Sean Ferrell, Sean is one of the smartest and well read people I have met, and a heart of a pastor. He is someone I call when I need advice, or a shoulder.
Rahner’s theology radically changed all of Western Christian thought, and the theological transformation he began is sometimes known as the Rahner Revolution. This great revolution changed the emphases of sacramental theology, and of grace itself. Perhaps the most important concept to arise out of that theological revolution is the idea of Sacramental Universe. Though the concept takes hold in Rahner's theology and the theologians who follow him, the term is normally attributed to William Temple, Archbishop of Canterbury in a former age.
Until very recently, Western Christians (Protestant, Roman Catholic, and Evangelical), perceived that God was somehow not always present with us, and that God’s presence was to be experienced in church (only), and that God’s presence was invoked primarily, if not exclusively, in the sacraments (Baptism, Holy Communion, etc.) The Church was seen as the primary arbiter of God's grace by its administration of these aforementioned sacraments. Rahner’s theological revolution turned these ideas on their heads. In this theology, God has been taken out of the box of being owned by the church. Rahner and other modern theologians assert that God is always and everywhere present, and that the problem is not God’s presence to us, but our presence to God. In other words, even in the most mundane of moments of our daily lives, God envelopes our very being, and the whole universe with God’s gracious love and presence. Even still, for lack of vision, we find it difficult to recognize God’s presence around us.
Elizabeth Barrett Browning’s Poem, Aurora Leigh includes one of the best metaphors for the Sacramental Universe.
Earth's crammed with heaven,
And every common bush afire with God;
But only he who sees, takes off his shoes,
The rest sit round it and pluck blackberries
Browning refers, of course, to the Old Testament story of the burning bush where God’s presence is so concretely manifested to Moses. The story at the heart of the Old Testament from Exodus 3 where God enjoins Moses from the burning bush to “remove the sandals from your feet, for the place on which you are standing is holy ground” clearly ring through Browning’s words. Like the concept of Sacramental Universe, Browning does not only locate God’s presence in the burning bush on the mountain of God, but in every common place, everywhere. We who see take off our shoes and live reverently. And “the rest sit round it and pluck blackberries.”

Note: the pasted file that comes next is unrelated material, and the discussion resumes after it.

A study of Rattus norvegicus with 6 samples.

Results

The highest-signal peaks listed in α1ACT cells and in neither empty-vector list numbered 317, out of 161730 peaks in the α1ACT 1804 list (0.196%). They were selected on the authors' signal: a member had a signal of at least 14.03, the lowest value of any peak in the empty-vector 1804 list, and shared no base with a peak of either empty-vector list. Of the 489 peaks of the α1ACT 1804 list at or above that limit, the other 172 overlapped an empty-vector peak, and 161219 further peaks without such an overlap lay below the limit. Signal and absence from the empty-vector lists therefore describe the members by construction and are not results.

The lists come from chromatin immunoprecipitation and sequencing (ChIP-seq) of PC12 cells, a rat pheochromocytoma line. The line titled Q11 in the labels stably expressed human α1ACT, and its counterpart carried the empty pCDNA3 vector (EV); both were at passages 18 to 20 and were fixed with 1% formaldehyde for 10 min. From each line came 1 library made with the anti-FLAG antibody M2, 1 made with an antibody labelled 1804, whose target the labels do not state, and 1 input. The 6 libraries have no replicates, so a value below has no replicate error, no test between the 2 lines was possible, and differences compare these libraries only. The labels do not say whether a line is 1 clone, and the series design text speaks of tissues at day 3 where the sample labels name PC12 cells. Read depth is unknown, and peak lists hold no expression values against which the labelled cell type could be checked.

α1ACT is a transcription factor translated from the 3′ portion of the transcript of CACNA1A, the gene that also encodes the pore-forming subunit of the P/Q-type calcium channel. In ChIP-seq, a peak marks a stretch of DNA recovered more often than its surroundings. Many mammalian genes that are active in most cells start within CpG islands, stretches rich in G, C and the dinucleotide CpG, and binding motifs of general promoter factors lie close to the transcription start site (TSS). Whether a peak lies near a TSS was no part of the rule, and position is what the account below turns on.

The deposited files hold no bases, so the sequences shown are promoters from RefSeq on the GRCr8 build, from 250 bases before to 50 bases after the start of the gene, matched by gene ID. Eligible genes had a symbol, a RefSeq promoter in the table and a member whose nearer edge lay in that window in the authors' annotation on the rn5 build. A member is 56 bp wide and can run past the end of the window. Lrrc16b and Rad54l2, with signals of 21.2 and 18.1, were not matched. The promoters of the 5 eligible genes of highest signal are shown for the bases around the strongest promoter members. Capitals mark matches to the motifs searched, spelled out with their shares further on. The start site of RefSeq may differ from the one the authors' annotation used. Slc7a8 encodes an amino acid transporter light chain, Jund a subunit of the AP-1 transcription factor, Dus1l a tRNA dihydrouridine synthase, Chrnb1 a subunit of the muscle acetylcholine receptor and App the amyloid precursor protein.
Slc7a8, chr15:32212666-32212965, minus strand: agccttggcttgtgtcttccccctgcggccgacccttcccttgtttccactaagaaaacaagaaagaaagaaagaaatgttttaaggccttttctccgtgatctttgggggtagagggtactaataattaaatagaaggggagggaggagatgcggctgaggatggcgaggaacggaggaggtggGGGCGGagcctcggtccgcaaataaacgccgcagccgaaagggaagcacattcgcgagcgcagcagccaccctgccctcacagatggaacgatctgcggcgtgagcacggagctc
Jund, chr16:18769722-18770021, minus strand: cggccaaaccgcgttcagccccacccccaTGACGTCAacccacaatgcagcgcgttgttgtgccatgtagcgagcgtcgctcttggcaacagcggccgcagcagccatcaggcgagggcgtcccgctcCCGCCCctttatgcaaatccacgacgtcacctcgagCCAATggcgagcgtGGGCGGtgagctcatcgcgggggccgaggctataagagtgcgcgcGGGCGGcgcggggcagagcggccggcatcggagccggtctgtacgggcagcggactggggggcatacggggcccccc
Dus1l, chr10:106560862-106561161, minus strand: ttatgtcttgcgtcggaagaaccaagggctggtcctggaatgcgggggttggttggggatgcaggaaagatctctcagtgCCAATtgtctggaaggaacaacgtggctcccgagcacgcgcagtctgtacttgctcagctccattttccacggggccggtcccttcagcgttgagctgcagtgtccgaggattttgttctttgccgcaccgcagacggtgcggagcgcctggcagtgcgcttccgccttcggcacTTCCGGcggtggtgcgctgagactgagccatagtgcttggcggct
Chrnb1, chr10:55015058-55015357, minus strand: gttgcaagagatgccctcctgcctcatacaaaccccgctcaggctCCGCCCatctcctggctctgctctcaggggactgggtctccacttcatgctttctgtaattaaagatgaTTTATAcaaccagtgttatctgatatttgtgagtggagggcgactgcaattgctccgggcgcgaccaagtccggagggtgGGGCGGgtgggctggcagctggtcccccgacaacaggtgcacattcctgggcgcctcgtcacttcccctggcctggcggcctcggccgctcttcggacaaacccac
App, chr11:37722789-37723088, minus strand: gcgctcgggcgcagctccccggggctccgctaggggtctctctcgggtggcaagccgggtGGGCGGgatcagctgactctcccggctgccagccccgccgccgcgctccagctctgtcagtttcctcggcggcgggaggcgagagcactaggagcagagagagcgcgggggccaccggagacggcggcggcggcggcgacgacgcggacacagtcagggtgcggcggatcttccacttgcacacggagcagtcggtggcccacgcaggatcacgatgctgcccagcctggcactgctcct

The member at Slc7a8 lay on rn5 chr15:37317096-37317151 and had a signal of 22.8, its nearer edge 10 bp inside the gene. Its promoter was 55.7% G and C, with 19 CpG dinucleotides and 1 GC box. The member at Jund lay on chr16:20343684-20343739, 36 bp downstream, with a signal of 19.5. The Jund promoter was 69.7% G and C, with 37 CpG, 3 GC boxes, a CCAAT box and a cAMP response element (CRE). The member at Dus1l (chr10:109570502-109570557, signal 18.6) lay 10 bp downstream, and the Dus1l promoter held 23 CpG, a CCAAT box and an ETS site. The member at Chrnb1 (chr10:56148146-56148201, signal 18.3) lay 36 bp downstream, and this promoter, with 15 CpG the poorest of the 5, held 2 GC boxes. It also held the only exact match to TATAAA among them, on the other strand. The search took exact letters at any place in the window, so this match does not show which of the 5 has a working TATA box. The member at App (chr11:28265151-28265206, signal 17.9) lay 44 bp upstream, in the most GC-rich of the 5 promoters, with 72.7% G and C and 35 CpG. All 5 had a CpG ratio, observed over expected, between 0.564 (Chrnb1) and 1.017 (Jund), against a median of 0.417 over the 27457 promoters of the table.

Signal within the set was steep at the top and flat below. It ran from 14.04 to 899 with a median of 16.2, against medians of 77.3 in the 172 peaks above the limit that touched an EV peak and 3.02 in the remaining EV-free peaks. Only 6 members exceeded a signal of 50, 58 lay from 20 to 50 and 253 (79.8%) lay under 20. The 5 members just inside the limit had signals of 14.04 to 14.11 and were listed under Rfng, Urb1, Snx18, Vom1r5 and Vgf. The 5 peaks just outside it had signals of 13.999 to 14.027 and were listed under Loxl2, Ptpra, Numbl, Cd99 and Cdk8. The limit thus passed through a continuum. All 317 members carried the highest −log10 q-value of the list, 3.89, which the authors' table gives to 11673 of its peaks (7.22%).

For years now, I have used one of Scott Mutter’s photographs from his book, “Surrational Images” called “Church Aisle” in teaching confirmation classes to adults. As is his practice, the image is actually a juxtaposition of two photographs. The clearest image is of the interior of a church. When you looks more closely at the photo, one finds what appears to be a New York City street down the center aisle of the church.
|Scott Mutter's Church Aisle|
I have oft pictured myself standing on that city street. If I take the time to re-tune my vision and if I can listen beyond the noisy street, I can see the Sacramental Universe: God’s glorious presence all around me. But more often than not, I am concerned with the passing car, or avoiding being hit by a bus, (the mundane stuff of life), and join the rest in plucking blackberries.
Perhaps the greatest joy of the notion of Sacramental Universe is a spirituality that is grounded in the Incarnation and the stuff of everyday life. Unlike the gnostic forms of Christianity, it does not seek to catch God out of the air, but to see God more clearly in the world around us in our everyday lives, and experience God physically and tangibly.
This way of seeing holds the potential to make any of us an ordinary mystic. And as many ordinary mystics know, Brother Lawrence’s practice of seeking God’s presence in the mundane – even when he cleaned toilets – is a model for seeking Christ.
Brother Lawrence wrote,
“I drove away from my mind everything capable of spoiling the sense of the presence of God.... I just make it my business to persevere in God’s holy presence... My soul has had an habitual, silent, secret conversation with God.”
When the God who created the cosmos and saw fit to write grace into every nook and cranny, when the whole universe is a sacrament, when God is always and everywhere present, when we are never in a place of not being loved by God, every breath and heartbeat become prayers ascending, and every moment is filled with the potential of deep divine encounter, every place in the cosmos a burning bush.
Open your eyes...
Open your eyes...
|Mary Jane Miller's Christ is Present at All Times from the series "Line,Blur and Halo"|
Sean Ferrell is a priest in The Episcopal Church. He lives with his wife and two sons in Jackson, Tennessee, and serves as Rector of Saint Luke’s Episcopal Church.